When most people think about the banking sector very rarely the word innovation comes to mind. Banks are usually seen as these monolithic dinosaurs that very rarely change, unless the Regulators make them change!
In the wake of the Fintech companies phenomenon, several financial institutions have reacted by creating internal innovation labs. These labs usually have the aim of coming up wth new ideas and solutions that can help the bank “revamp” its old services and products and to make them competitive when in the race with Fintech companies.
If we look at the “digital landscape” the average bank offers the access to an online bank account and an app. In today’s market it is not enough to keep the customers’ attention and money.
However, there is a lot of confusion when it comes to innovation labs: Financial Services is not a sector that has invested in this type of solution in the past, and whilst the idea of an in house innovation lab per se is laudable, the way it is implemented in practice is usually set up for failure.
There are several reasons for this trend:
- innovation and creativity need a fertile ground in order to grow and be effective: most managers I talk to state that they want innovators in their team. However, when faced with ideas that are out of the box and do not follow the same old path, they keep on resisting them and don’t even pilot them. This ends up in a lot of frustration on the side of the innovation team, on the side of the managers, executives and in a waste of time an money. No wonder that the innovation team is soon disbanded, labelled as “it does not work” or in the smart members of the team to leave when they realise that they are wasting their talent in a specific organisation that does not seem to get it.
- no possibility to make mistakes: when trying something new organisations have to give the innovation lab the possibility to come up and pilot ideas that may not work out in the end. This does not mean saying yes to everything: a business case has to be well prepared and substantiated. But pointing the finger at every idea or test that did not work out and labelling it as “failure” is not going to be conductive to purposefully innovation. Some ideas will work out, the majority of them very likely won’t. If you stifle creative thinking you won’t get meaningful tangible results.
- no diversity in the team: due to prejudice and a set view typical of the financial industry, people in the innovation labs tend to be all the same type. As it is technology related companies focus on hiring (male and young) programmers and tons of project managers. Well, that’s not the best way to go. If you want disruptive and genuinely innovative ideas you have to create diverse teams. You need to get people from different industries (I cringe when I see job adverts stating “FS experience required”, what a wasted opportunity for “cross pollination”), different backgrounds (e.g. designers, UX specialists, psychologists, strategy specialists, architects), people of different race and age groups (it is a myth – and a discriminatory one – that only white male Millenials know how to do digital and innovation!).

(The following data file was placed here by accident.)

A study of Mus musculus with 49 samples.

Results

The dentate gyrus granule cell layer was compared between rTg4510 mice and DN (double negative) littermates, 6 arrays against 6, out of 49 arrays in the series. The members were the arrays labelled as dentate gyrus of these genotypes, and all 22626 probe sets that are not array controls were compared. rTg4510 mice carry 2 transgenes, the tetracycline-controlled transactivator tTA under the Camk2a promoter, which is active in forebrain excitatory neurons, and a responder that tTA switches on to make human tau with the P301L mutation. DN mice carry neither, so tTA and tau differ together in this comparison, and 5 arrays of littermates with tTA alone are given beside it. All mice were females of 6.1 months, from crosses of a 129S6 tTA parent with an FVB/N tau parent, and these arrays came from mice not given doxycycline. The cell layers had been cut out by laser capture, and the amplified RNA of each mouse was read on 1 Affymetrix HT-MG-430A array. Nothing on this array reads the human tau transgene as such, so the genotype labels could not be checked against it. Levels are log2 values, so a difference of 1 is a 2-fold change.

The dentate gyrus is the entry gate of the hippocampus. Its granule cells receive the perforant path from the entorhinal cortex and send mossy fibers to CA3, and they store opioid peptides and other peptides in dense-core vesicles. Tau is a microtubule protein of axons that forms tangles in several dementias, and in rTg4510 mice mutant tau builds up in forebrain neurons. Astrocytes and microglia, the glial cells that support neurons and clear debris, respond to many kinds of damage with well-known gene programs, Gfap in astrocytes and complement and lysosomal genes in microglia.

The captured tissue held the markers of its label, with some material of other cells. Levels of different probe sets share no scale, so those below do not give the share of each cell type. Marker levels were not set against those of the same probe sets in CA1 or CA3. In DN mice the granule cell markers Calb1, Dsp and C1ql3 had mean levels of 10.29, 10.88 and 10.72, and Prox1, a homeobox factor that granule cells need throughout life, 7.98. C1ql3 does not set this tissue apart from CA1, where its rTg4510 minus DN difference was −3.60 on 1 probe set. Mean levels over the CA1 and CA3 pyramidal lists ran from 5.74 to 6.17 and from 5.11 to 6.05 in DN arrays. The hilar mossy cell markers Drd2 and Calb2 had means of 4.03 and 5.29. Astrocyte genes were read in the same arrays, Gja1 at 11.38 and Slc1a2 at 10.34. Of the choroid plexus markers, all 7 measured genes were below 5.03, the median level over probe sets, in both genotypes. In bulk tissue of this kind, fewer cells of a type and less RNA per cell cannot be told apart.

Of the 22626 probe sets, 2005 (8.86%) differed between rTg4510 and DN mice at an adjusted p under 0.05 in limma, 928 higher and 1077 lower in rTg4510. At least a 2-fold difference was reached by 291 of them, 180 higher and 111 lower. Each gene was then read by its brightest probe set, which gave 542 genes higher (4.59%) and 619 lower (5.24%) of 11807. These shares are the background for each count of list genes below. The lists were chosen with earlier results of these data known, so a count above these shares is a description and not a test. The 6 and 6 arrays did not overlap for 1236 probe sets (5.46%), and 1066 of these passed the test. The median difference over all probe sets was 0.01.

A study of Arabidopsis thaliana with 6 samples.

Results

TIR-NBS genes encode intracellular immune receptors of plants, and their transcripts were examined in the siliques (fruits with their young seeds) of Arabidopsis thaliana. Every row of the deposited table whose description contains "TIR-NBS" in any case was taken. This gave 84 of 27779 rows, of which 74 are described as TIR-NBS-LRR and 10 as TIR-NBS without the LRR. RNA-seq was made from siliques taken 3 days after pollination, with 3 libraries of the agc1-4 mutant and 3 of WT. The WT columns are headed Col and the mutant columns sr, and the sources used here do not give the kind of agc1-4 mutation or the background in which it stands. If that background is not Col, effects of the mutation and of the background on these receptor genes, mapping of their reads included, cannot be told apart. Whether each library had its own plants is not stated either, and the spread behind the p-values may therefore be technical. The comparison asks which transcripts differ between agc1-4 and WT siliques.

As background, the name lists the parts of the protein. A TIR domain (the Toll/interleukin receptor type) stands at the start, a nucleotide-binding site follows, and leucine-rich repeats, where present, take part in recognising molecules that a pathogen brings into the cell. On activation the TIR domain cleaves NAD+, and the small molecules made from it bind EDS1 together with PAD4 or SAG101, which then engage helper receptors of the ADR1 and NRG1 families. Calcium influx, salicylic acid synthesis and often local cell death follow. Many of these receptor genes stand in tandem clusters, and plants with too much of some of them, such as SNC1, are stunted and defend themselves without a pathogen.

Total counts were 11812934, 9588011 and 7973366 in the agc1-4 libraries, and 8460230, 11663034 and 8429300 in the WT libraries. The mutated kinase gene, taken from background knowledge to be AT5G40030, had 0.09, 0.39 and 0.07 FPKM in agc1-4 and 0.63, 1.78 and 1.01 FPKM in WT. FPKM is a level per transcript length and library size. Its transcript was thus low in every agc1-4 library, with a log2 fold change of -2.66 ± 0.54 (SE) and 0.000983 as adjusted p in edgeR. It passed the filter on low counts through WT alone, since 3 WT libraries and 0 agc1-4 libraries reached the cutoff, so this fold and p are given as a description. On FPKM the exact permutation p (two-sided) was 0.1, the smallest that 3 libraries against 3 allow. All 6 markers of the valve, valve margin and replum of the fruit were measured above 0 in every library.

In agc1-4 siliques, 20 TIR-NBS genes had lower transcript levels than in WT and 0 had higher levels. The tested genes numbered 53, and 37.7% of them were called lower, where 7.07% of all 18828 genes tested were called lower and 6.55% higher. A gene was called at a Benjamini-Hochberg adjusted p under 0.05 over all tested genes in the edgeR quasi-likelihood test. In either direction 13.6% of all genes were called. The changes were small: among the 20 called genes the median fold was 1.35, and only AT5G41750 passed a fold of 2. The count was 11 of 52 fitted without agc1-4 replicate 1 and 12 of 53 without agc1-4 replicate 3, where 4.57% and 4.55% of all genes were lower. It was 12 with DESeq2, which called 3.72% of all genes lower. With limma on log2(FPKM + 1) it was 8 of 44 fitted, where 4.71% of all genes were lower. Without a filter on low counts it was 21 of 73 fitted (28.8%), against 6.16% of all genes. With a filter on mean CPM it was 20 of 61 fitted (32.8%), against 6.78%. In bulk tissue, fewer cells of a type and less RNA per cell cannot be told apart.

- create a common language: when you manage a team of people coming from different backgrounds, with different specialism you will have to find a common language. For example a project manager will express his/her ideas using a certain the of lingo, whilst people with a background in strategy or marketing will express themselves in a different way. You need to find a way for everybody in the team to understand each other and to speak the financial services lingo at the same time.
- use a common methodology: diversity in the team is very often conductive to innovation and creativity. But you would need to set a common methodology to avoid chaos. Whether you decide to go for Agile or Lean or anything else you need to train all the team members and make sure that they use the same methodology.
- innovation governance: whilst the innovation labs will not be subjected to the same rules of the other functions in the bank (I can see readers that specialise in compliance cringe!), there is still a requirement to set boundaries of what it can/can’t be done. This framework has to be agreed before hand, finding a balance between the requirement to comply to a set of rules, without stifling innovation.
- set a clear mandate: don’t confuse innovation with anarchy. The innovation lab has to be set up with a specific mandate (what output do you want them to deliver?) and a specific time frame. Typical outputs include new products, improved customer experience (CX) for a specific product, new business models, etc.
You would now realise that setting up an internal innovation lab (or more than one in the same organisation) does not mean gathering a bunch of white male Millenials in a hip location with free food and Super Mario Bros at their finger tips. It is much more than that: it requires diversity in the team in terms of skills, race and age groups; a mandate with a clear output; the definition of a framework/methodology/language within which the team can operate; a fine balance of letting people try out new things that may or may not work and the alignment to the company strategy.
First of all, it requires a significant shift in the average traditional bank’s company culture. And this is the main obstacle to success.